Seafood factories are highly controlled environments where hygiene is essential. As such, they were already a step ahead when it came to reacting to COVID-19. Hand sanitation, clear boundaries between areas to prevent cross-contamination, and regular washing down of equipment were just some of the mechanisms in place to keep things clean.

But even in advanced factories with high levels of automation, people still play an important role in the process. As well as performing certain tasks by hand, employees also maintain the equipment and meet with salespeople to discuss upgrading operations and with retailers to learn about new products. Beyond that, they attend trade shows to keep up with technology and play host to technicians from their equipment and software providers.

Add it all up, and that’s a lot of human interaction, a lot of handshakes and a lot of travel.

Prior to the COVID-19 outbreak, Marel was already offering its customers some remote servicing and installation options, virtual equipment demos and online communication. Now, the company offers all of this and more — and on a much bigger scale.

Exhibitions — without traveling

The Brussels seafood expo is the biggest trade show of the year for the fish industry. When the organizers cancelled the event this year, Marel decided to bring its Brussels expo stand to life in an innovative online format. All flights were cancelled, but internet connections were flickering brighter than ever.

Photo: Marel

The live event brought together Marel experts in salmon and whitefish processing to present processing solutions, discuss industry trends, and answer questions from participants all over the world.

Marel created an interactive virtual booth for the event so that participants could walk around and explore key features of the solutions on display for themselves. The booth ran virtual demos of simulated raw materials and also included links to traditional videos and other resources.

Remote demonstrations

This was the first time Marel created a virtual booth on this scale. But simulation and extended reality (XR) have become established tools for Marel in recent years, particularly in innovation, sales, training and marketing.

In 2020, the company’s XR team became integral to Marel’s role in understanding exactly how the COVID-19 challenges would affect operational and strategic decision-making in the food processing industry. Shortly thereafter, the team became integral to finding out how Marel would help processors respond to those challenges.

“It’s important that we understand your situation and share our know-how so you are best placed to deal with the short-term and long-term effects of these trends,” Magnus Fossheim, Marel’s business manager for salmon, told participants of the virtual event.

Marel is used to organizing virtual demonstrations of its products with customers. During the design phase, virtual tools make it possible to optimize product flows and use machines as building blocks. Virtual reality (VR) has the power to give customers a better understanding of major installations well before equipment is delivered, to see how an integrated solution would work, and to make use of the subsequent insights for preparation purposes, among other things.

The demand for this type of virtual experience has increased in recent months and is expected to keep growing even when the need for social distancing measures has come and gone.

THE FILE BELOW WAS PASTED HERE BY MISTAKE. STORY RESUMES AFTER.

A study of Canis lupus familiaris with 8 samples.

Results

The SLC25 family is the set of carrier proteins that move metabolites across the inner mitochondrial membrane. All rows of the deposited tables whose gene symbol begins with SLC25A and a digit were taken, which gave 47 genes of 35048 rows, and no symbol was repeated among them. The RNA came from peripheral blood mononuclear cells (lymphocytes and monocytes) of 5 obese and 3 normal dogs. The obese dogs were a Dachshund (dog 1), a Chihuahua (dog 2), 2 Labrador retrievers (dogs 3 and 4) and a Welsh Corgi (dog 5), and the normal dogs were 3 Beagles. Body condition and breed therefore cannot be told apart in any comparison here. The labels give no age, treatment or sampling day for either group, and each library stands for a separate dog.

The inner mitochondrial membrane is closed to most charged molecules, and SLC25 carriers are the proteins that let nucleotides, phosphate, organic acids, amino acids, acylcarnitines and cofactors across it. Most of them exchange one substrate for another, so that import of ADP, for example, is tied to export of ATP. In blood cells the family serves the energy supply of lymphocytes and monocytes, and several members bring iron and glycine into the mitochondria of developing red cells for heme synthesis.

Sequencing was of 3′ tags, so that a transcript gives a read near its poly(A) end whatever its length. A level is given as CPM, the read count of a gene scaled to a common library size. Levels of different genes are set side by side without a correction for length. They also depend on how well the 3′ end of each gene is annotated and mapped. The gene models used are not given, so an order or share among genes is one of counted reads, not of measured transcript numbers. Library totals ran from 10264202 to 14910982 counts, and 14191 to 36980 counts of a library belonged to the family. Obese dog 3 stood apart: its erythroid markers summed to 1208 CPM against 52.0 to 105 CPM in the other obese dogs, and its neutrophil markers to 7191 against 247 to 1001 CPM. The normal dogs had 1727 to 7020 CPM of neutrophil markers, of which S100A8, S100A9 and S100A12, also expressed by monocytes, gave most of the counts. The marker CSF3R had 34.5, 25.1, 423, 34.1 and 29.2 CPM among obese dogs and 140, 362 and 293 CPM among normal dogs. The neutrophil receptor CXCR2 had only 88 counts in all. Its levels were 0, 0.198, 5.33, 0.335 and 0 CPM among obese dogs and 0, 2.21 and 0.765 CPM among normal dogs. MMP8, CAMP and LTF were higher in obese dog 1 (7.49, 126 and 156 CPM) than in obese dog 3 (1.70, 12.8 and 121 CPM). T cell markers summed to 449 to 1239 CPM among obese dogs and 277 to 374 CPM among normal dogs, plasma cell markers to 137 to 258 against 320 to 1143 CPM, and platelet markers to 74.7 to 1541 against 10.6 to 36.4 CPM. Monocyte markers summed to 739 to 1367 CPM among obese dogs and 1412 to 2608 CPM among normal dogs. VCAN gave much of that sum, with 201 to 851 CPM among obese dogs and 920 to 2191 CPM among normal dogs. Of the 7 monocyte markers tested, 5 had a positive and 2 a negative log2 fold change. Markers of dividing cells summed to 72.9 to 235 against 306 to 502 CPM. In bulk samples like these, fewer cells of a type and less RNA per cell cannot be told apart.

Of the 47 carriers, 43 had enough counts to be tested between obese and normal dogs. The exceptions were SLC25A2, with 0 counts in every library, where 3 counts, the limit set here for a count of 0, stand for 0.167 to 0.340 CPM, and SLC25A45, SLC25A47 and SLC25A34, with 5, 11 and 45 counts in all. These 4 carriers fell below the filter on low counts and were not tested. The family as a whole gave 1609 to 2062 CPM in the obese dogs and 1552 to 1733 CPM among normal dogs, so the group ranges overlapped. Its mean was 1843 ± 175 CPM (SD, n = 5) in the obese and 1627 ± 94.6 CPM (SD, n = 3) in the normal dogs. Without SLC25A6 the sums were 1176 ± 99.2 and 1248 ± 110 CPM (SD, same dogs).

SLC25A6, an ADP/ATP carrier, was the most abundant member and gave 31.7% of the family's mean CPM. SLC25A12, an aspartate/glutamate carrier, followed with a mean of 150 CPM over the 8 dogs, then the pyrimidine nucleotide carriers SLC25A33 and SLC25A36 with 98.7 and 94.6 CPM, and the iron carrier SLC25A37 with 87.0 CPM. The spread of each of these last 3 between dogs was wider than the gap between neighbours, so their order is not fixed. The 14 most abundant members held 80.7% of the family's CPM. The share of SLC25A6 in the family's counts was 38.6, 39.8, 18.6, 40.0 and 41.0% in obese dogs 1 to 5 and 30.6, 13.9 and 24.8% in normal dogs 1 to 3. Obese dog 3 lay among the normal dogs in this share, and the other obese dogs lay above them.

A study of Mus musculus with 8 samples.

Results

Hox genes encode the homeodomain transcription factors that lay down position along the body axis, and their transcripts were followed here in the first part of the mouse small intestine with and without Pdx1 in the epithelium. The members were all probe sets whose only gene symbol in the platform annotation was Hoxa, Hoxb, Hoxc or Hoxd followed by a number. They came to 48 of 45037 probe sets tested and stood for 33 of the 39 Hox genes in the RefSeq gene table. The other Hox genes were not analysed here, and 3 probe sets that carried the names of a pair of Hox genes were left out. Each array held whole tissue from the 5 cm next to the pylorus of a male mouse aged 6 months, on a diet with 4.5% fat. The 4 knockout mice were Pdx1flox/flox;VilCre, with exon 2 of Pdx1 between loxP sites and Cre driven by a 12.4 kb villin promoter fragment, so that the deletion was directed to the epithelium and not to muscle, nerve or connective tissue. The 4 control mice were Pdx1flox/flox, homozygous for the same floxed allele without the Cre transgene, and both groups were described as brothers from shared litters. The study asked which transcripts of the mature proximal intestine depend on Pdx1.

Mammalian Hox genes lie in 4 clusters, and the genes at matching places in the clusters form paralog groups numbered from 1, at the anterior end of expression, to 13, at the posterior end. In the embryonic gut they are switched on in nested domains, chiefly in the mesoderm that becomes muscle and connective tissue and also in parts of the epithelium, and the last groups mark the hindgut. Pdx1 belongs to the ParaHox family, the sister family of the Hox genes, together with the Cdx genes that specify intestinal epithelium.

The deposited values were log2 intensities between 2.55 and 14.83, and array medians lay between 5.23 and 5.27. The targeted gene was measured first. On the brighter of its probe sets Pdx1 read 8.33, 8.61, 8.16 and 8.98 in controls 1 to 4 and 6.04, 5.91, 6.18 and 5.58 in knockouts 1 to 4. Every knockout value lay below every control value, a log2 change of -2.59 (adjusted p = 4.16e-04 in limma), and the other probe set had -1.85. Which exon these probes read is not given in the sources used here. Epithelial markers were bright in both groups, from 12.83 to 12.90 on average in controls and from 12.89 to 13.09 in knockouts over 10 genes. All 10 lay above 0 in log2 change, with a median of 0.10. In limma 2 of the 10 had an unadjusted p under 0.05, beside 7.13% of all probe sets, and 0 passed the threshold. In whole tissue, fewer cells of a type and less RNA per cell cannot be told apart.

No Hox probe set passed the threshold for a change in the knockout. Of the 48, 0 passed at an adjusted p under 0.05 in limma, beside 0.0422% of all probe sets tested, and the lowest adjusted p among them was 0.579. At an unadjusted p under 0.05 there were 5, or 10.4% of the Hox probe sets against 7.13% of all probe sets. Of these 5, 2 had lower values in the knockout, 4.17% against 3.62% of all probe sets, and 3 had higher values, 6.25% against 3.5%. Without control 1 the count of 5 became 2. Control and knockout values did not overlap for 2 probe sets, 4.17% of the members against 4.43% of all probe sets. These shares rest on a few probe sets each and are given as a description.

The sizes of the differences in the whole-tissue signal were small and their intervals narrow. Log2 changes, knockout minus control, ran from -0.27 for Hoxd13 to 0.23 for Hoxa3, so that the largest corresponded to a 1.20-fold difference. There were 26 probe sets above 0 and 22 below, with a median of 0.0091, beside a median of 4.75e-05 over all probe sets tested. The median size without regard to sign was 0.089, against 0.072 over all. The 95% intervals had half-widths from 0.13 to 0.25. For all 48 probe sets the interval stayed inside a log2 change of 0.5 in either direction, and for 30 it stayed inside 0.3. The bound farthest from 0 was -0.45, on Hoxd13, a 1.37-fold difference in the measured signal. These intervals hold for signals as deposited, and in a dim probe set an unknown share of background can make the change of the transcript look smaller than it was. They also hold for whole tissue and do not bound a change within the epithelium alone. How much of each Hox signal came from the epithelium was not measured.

Service and training

One of the big advantages of creating virtual layouts—especially for complex, high-volume installations—is that training can also take place in VR ahead of installation.

For fish processors, this means employees gain a working knowledge of the setup ahead of time and are able to hit the ground running once an installation is complete.

For Marel, this means any fine-tuning and rearranging can be done at the touch of a keyboard, enabling the company to avoid expensive and time-consuming rebuilds.

In fact, well before the sales process, Marel increasingly uses engineering applications of VR in manufacturing in order to speed up the innovation cycle and reduce the cost of installations for its customers.

Global presence, local connection

With all this technology, the people on the ground still matter most. If nothing else, the first half of 2020 has underlined the importance of having strong partners with a global presence.

Managing director of Marel Fish, Gudbjorg Gudmundsdottir.

When someone from the seafood processing industry talks about connectivity, they’re usually referring to the inherent advantages of sophisticated software and interconnected equipment.

High levels of connectivity make processing solutions intelligent, making it easier for processors to meet customer orders quickly and precisely, achieve full traceability and maximize the use of the valuable raw material, among other things.

As a world leader in fish processing technology, Marel offers all this—and then some. What’s equally important is that Marel employees connect with all sorts of people in the fish processing industry, and we value that connection with you.

Marel’s presence around the globe has enabled us to keep serving our customers—even as borders close. Our local knowledge and close relationship with key players in the seafood processing industry have been a huge advantage in terms of quickly adapting to the new needs of our customers.

“We’re constantly finding better ways to use technology,” says Gudbjorg Gudmundsdottir, managing director of Marel Fish. “But having people on the ground will always be essential.”

To learn more about Marel and what’s in store for the future, check this out.